In this case, rumors of dirty dealing started early. During the team event at the beginning of the Games, Canadian skaters were apparently subjected to drug tests that seemed aimed to disrupt their performances: some were awakened in the middle of the night; one was disturbed during her pre-performance nap. (Drug tests are typically held after a performance, not before.)
Next up, a magazine in France called L’Equipe reported an anonymous source saying that US and Russian judges had entered a deal to give the team event gold to Russia and the ice dance gold to the US. I suspect that this “anonymous source” was a con to mess with Canadian skaters: provoke a reaction, cause an anti-Canada backlash, and throw the skaters off their game. In 2002, there was collusion between the Russian and French judges, but this allegation involves Americans, who have a lot more credibility.
The team event involves all four figure skating disciplines, each of which has its own judges. Rigging it would be a heck of a big conspiracy. In the end, Russia won gold by a landslide, with 75 overall points to Canada’s second place finish of 65. There were the usual questions about the judging (such as Evgeny Plushenko beating Kevin Reynolds), but there were no signs of egregious judging. Russia medaled in every leg of the competition, and won gold in most of them.
Then we had the short program in ice dance, which Davis/White won, 2.5 points ahead of Virtue/Moir. The main reason for DW's win was the difficulty level given to the Finnstep portion: VM were awarded a difficulty level of 3, while DW got a 4. Finnish ice dance legend Petri Kokko (who invented the Finnstep) stirred things up with two tweets yesterday: "I don’t understand the judging in #icedancing. @Virtue_Moir should be leading in my honest opinion." and "Hope @Virtue_Moir wins. Americans timing off in the #finnstep and restrained even otherwise."
The Globe is critical of the judging, but admits that "the most tangible difference between their two performances appeared to be a small bobble by Virtue and Moir in their Finnstep segment." A small bobble could make the difference between a 3 and a 4. (In fact, that had already happened to VM twice this season.)
According to our own CBC commentators during the Davis/White performance, Davis/White have not been defeated since the World Championships in 2012, and they have set six world records with their short dance - this performance is just the latest time they've broken their own record.
The history is this: DW and VM are close friends; they train together and share a coach; White and Moir have been friends since childhood. For the last five or six years they have been the top two teams in the world. For the first several years of that period, VM consistently topped the podium, and then DW got the edge.
Their scores tend to be extremely close, but they’re very different skaters. As the Washington Post wrote yesterday, “Virtue and Moir are fighting to solidify their legitimacy as the best ice dancing team since Great Britain’s Jayne Torvill and Christopher Dean. They are a team of exquisite detail – pointed toes, extension body lines – and have tremendous chemistry on the ice. Davis and White are different. They are rugged and powerful and fast.” To my eye, White looks a little rough around the edges: in particular, his leg extensions are poor, he doesn't have great artistic interpretation, and he's sort of heavy on the ice - the opposite of light and elegant.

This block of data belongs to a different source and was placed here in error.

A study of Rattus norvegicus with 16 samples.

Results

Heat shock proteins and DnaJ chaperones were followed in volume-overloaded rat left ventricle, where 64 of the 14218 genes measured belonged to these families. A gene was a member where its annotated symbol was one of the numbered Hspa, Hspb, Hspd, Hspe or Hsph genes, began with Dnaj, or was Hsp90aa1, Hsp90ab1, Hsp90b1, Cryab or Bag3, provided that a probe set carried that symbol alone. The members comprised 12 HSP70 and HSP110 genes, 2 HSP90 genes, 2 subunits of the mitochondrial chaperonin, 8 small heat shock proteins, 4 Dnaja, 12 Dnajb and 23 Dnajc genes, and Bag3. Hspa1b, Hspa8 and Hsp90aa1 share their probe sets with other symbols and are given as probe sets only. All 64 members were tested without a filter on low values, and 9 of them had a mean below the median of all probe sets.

Sports is full of questionable acts, and figure skating has an atrocious history of skating scandals: judges caught on camera colluding; a brave Canadian judge who gathered evidence of cheating but was suspended by the ISU for doing it; decades of dominance by Russian skaters that seemed dubious at best. Within the Russian competitions, scandals have been even bigger: skaters’ cars getting blown up the day before a competition, a skater’s fiancé being kidnapped.
But after the 2002 Salt Lake City fiasco, the ISU cleaned itself up. Scores are based on well-defined criteria now; judges’ scores are anonymous (so it’s more difficult to pay them off); high and low scores are kicked out. Insiders say that the sport is a lot fairer now. One big piece of evidence for the success of the new rules is this: the Russians no longer dominate ice dance.
I'm no judge, but I'm not bothered about the outcome of the Olympic ice dance contest, for a number of reasons.
- Both teams skated beautifully, along with the rest of the field, so the event was a treat to watch.
- I do not believe that American judges would get messed up in a cheating scandal with the Russians.
- Even if the Americans were unscrupulous, there was no need to fix this fight: Davis and White have been besting Virtue and Moir all season.
- Virtue and Moir are already Olympic champions, from 2010.
Virtue and Moir's influence will resonate for a long time for their hard work, athleticism, artistry, fine lines, ability to put down their finest performances in the highest stakes competitions, and their ability to simultaneously be tough-as-nails competitors and friendly collaborators.
Winning in figure skating is about adding up points on elements, and Davis/White got the most points today. I firmly believe that Virtue and Moir are the greatest ice dancers in the world, and their silver medal does not diminish that. The Canadian commentators even said today that after attaining Olympic gold in 2010, VM made a conscious effort to do things in their programs that advanced the sport, rather than single-mindedly going after points.
I can't wait to see what they do next.
Hi Ruth. We just watched the long program and I think you have it right. I don't understand the judging, but it looks like it could have gone either way. Both pairs skated amazingly, and it's time we stopped whining about unfairness.